EU alternative fuels infrastructure regulation approved; IRU says questions left unanswered
EU countries will be required to set national targets for the deployment of this infrastructure and present plans on how to achieve them.
As part of the agreement, electric charging pools for cars with at least a 400 kW output will need to be installed every 60 kilometres along the core TEN-T network by 2026, increasing to 600 kW by 2028.
Payment at recharging points should be convenient and easily accessible, and the pricing of fuels should be transparent and comparable.
Additionally, new rules have been established for sustainable maritime fuels, with ships gradually reducing greenhouse gas emissions from their energy use. By 2050, ships will be required to reduce emissions by 80% compared to the 2020 level.
Furthermore, containerships and passenger ships will have to use on-shore power supply while docked at major EU ports starting in 2030, aiming to reduce air pollution in those areas.
IRU lacks more details
While IRU welcomes the alternative fuels infrastructure regulation (AFIR), saying the text sets an initial and binding EU legal framework, it falls short of the level of ambition called for by IRU.
Some important questions remain unanswered, notably relating to the derogations that Member States can use to limit infrastructure development or electricity generation, as well as the link between AFIR and the newly proposed CO₂ standards for heavy-duty vehicles (HDVs), the international road transport organisation stresses.
TRAN Committee’s vote confirms the 15% deployment target for electric charging infrastructure dedicated to HDVs every 120km on the entire TEN-T network by the end of 2025. A 50% target is set for the end of 2027. By the end of 2030, the distance will be reduced to 60km on the core and 100km on the comprehensive network.
The agreed text sets an earlier deadline, 2027 compared to 2030, for the deployment of electric charging infrastructure in safe and secure truck parking areas, as originally proposed by the European Commission. The number of electric charging stations in each safe and secure parking areas is set to two by the end of 2027, increasing to four by the end of 2030.
“Moreover, the European Parliament’s call for Member States to carry out an analysis before 2025 to evaluate and plan the necessary grid reinforcements for infrastructure dedicated to HDVs has regrettably not made it into the final text. Instead, a general provision was included requiring Member States to ensure consistency between the infrastructure planning and grid planning,” IRU claims.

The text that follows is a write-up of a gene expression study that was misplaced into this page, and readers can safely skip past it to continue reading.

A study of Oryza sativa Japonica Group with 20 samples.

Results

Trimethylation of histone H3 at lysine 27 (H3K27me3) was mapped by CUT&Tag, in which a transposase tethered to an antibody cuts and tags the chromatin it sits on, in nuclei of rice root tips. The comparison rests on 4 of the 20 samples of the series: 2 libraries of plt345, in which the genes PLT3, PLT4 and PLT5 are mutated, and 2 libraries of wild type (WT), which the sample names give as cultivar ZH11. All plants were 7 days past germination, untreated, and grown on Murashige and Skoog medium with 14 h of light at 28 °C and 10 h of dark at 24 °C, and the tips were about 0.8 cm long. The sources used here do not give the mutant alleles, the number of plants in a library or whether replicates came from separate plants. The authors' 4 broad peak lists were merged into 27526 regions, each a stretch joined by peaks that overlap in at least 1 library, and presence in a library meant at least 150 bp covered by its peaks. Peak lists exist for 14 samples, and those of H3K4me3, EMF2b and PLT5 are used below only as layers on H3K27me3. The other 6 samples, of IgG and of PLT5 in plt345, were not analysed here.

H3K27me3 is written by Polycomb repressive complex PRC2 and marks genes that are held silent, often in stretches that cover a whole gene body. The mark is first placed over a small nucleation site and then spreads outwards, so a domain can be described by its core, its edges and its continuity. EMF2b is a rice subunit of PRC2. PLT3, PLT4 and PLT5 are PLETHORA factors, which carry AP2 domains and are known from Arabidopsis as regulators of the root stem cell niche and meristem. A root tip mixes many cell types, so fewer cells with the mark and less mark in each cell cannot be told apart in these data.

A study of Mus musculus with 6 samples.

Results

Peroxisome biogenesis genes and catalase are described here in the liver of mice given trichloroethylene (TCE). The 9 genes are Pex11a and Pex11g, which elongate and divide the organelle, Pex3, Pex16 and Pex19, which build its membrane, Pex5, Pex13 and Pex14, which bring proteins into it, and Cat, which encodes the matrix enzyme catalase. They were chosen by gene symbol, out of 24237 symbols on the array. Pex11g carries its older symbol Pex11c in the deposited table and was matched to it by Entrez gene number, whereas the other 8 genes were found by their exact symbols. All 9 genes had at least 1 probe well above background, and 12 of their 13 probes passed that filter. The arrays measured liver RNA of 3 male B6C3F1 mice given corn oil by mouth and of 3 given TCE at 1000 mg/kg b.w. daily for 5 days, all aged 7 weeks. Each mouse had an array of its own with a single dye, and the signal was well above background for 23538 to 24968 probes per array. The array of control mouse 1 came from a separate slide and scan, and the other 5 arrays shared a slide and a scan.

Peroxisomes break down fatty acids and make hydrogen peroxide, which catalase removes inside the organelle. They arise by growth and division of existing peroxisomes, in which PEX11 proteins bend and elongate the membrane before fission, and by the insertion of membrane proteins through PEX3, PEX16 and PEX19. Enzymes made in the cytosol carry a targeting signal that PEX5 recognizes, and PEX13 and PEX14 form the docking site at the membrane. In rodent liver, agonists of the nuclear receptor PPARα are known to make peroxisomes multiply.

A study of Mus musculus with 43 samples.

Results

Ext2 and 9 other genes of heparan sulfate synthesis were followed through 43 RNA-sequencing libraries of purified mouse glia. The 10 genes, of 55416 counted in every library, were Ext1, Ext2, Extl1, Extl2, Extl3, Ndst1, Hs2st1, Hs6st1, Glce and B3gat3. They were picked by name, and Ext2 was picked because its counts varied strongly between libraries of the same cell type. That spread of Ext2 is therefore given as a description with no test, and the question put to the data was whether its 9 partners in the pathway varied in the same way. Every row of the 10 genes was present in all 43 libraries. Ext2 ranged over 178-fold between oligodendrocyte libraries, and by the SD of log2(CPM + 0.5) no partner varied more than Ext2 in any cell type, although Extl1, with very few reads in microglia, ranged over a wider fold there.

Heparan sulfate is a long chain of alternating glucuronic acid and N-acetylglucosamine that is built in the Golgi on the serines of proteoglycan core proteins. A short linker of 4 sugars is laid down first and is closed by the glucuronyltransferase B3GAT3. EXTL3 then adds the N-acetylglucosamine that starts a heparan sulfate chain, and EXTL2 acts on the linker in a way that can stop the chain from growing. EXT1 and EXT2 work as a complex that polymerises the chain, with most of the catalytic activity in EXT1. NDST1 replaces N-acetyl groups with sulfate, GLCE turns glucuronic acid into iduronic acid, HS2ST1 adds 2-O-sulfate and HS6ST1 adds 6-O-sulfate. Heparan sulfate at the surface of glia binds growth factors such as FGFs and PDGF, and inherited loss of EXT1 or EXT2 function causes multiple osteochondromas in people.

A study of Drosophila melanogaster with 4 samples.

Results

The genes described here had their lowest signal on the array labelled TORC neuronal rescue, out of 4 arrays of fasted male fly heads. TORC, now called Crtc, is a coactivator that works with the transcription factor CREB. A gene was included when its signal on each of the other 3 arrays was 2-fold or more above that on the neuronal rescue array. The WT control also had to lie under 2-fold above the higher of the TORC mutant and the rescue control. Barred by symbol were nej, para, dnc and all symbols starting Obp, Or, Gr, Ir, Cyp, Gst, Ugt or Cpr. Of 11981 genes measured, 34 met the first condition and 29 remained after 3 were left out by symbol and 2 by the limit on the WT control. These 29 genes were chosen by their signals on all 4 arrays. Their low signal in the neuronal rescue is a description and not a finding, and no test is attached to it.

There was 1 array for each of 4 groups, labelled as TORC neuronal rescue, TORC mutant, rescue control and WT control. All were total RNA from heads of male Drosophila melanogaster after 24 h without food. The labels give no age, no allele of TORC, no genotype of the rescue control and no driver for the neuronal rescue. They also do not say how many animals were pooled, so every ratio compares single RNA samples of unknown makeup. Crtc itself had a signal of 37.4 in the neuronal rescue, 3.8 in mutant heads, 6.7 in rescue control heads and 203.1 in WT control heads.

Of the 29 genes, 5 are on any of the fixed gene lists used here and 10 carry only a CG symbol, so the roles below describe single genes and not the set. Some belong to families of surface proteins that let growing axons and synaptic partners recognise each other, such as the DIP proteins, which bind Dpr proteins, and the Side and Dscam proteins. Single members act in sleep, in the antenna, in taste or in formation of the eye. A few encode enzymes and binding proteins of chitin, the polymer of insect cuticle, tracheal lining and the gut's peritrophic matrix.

IRU Director of EU Advocacy, Raluca Marian, added:
“Without sufficient power, the charging infrastructure is of no use to the heavy-duty commercial road transport sector. Unfortunately, AFIR does not solve the electricity grid component of the equation.”
IRU also points out that, according to the new text of the agreement, hydrogen refuelling infrastructure will only be deployed every 200km on the TEN-T core network by the end of 2030. The European Parliament’s proposal to anticipate the deadline for the deployment of hydrogen refuelling infrastructure to the end of 2027 was not considered.
IRU reiterates the importance of providing options to the industry and not relying on one single technology to decarbonise the road transport sector.
During the trilogue negotiations, the electric power output requirements in urban nodes were increased, but the precise application of this condition remains vague.
“In the transition to zero-emission vehicles, urban areas are the low-hanging fruit. But AFIR puts the cost and responsibility to establish charging points almost entirely on transport operators. The road transport industry consists mainly of small and medium-sized enterprises with razor thin margins. Buses could potentially recharge at their depots. But what about trucks and coaches? Where are they supposed to recharge?” highlighted Raluca Marian.
The same applies to hydrogen refuelling infrastructure. The role of a revised TEN-T regulation, which sets the location and number of urban nodes (424 in total, up from 88) across the EU, will play an important role in defining the location and accelerating the deployment of publicly accessible alternative fuel infrastructure in urban areas.
But IRU is pleased to see that the European Commission will create an EU database by 2027 with information on alternative fuels infrastructure availability, waiting times and prices. Transport operators must have easy access to this information when planning their respective operations.